If there is a character defect of mine that likes to weigh me down, it’s that of comparing myself to others. Yes, I have written about this before, and I am sorry to say, I will probably write about it again. And perhaps again after that.
You’ve been warned.
I am not sure why, but there is something about comparing myself to others that keeps bringing me back to pain over and over again. Regardless of how injurious it is to me, on all fronts, I find myself settling into my default position of “not good enough”. It’s somewhat hardwired in me, and even with the introspective work I do and speaking to others about it and praying about it, it still floats to the surface. It’s emotional and mental deadwood that keeps washing up on my shores.
I understand all the anti-comparison thoughts and arguments – on the surface. I understand how comparing oneself to another only puts me at emotional harm. I understand that we are unique and that there is no other like us and that we only need compare ourselves to ourselves, and that’s it. I get it all – intellectually. At heart and soul level, not so much. At the level where it counts most, I still fumble around in the dark. And I keep bumping into walls. No light.
This compulsion to compare myself has been really revved up in my running life. Runners are fantastic folk, and outside of the recovery community, I haven’t met a more welcoming and supporting group of folks. But runners don’t often speak of runs as being “easy” or “fun” or “pleasant”. In a technological-based world, we have raw hard data. And we share that with one another. We often display what distance / pace / heart rate / elevation grade, etc. we have recently endured. What personal bests we achieved that week. Pictures of those GPS watches on our wrists are common on social media. It’s not about competition, but about documentation, for the most part (and perhaps some humble bragging too.)
So when I see all those numbers, I immediately mentally put my own numbers up for scrutiny. And for a slow running dude like me, I almost always end up holding the short-straw. And then the whipping happens – “Why are you bothering to do this?”, “Who do you think you are wanting to be like them?”, “They were born to do this – you weren’t”, etc. It’s an internal and self-directed version of a prison shower beating scene.
Cue the Facebook inspirational quotes and memes:
Comparison is the thief of joy.
Run your own pace.
Be yourself – everyone else is taken.
The only one you’re in competition with is you.
And while they come from a place of conventional wisdom, they fail to quell that deep dark place in me that still screams out “you run like a pregnant yak”. I see folks who were at once my speed now bolting ahead, darting and flitting about with the gazelles ahead. I see people running their first marathon and crushing my own time by enviable amounts. I hear the endless chatter of Boston [Marathon] Qualifying and how cool that is. Then I watch my plodding times and wonder what it is that I am missing. Genetics? Mental toughness? Competitive fire?
Well we all know ego loves this kind of thing. Self-pity is a drug and my own mind has an endless supply if I play into it. It’s my pusher. I was reading a post last night by a fellow runner who spoke about similar feelings held by her. It was a relief to know I wasn’t alone in feeling like this. Perhaps the fact that I have been sidelined for more than a week plays into this whole thing. Fear of missing out is no doubt at play (and a topic for another post!)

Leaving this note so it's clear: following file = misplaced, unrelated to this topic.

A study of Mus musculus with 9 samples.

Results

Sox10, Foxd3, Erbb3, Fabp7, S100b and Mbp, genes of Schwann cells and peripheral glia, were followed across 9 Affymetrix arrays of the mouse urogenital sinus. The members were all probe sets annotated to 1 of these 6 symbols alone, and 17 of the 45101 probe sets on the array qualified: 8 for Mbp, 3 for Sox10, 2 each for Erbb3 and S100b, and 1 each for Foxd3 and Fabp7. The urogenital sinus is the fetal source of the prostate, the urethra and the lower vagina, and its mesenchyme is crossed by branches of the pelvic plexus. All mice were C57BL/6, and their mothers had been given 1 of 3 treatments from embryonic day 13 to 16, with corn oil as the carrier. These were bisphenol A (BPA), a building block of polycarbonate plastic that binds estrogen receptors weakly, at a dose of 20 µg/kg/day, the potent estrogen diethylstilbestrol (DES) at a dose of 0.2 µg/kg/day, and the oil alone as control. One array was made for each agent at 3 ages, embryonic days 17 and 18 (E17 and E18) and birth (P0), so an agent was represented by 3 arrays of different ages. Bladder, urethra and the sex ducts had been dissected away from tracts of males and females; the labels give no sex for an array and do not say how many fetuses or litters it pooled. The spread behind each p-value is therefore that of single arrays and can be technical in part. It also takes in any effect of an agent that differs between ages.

And of course ego and mind collude to bring me to extremes – maybe I should quit running for good. I should quite my running club (which I stopped running with because I am too embarrassed to run with any more). I should stop pretending that I am a runner and just sit in a corner and eat cake (mmmmm….cake.) Which I understand to be ridiculous, but it can feel as real as the chair I am sitting in right now.
The idea of comparing myself to others is something I wish I could let go of, but I struggle with it. As good ‘ol Dr. Phil would ask – what are you getting out of this? Well, healthy doses of ego-satisfying self-pity. I get to stay frozen and to play small. I get to satisfy that part of me that still think he’s a piece of shit. It plays into the darkness that once ruled my life and can again if I don’t continue to shine light into the shadowy crevices. What am I getting out of this, doctor? A lot of self-inflected gun shot wounds and then wonder why I am bleeding all over the nice carpet.
And look, I get it – I am comparing my behind-the-scenes to other people’s highlight reels (oops, another Instagram winning quote!) and I get that I am comparing my first chapter with someone else’s chapter 20 (okay, last one, I promise.) I would say the same thing to someone else who came to me with the same issues. But to take my own advice, to feel it in my bones, down the chambers of my heart? Not at all.
Runners aren’t the problem. Running isn’t the problem. If I took up knitting, I would be doing the same things before I knew it, wondering why my sweaters weren’t as good as so-and-so’s and why my stitching isn’t so clean and tight as others. I would wear my own knitted mittens as badges of shame rather than accomplishment. In the end, the problem is me. Until I cultivate a healthier sense of self-worth and self-value, I will continue to play this game of “let’s twist this deeper”.
So for now I just do my best to keep the ugly thoughts at bay. I have days where these thoughts are fleeting. I have others where they consume me and it goes past the running into well-tread territories. I stay open as to why I self-flagellate and try to listen to that voice that tells me that I am okay. That I am okay. That I am OKAY. And then hopefully one day I will embrace it. I will make it my own.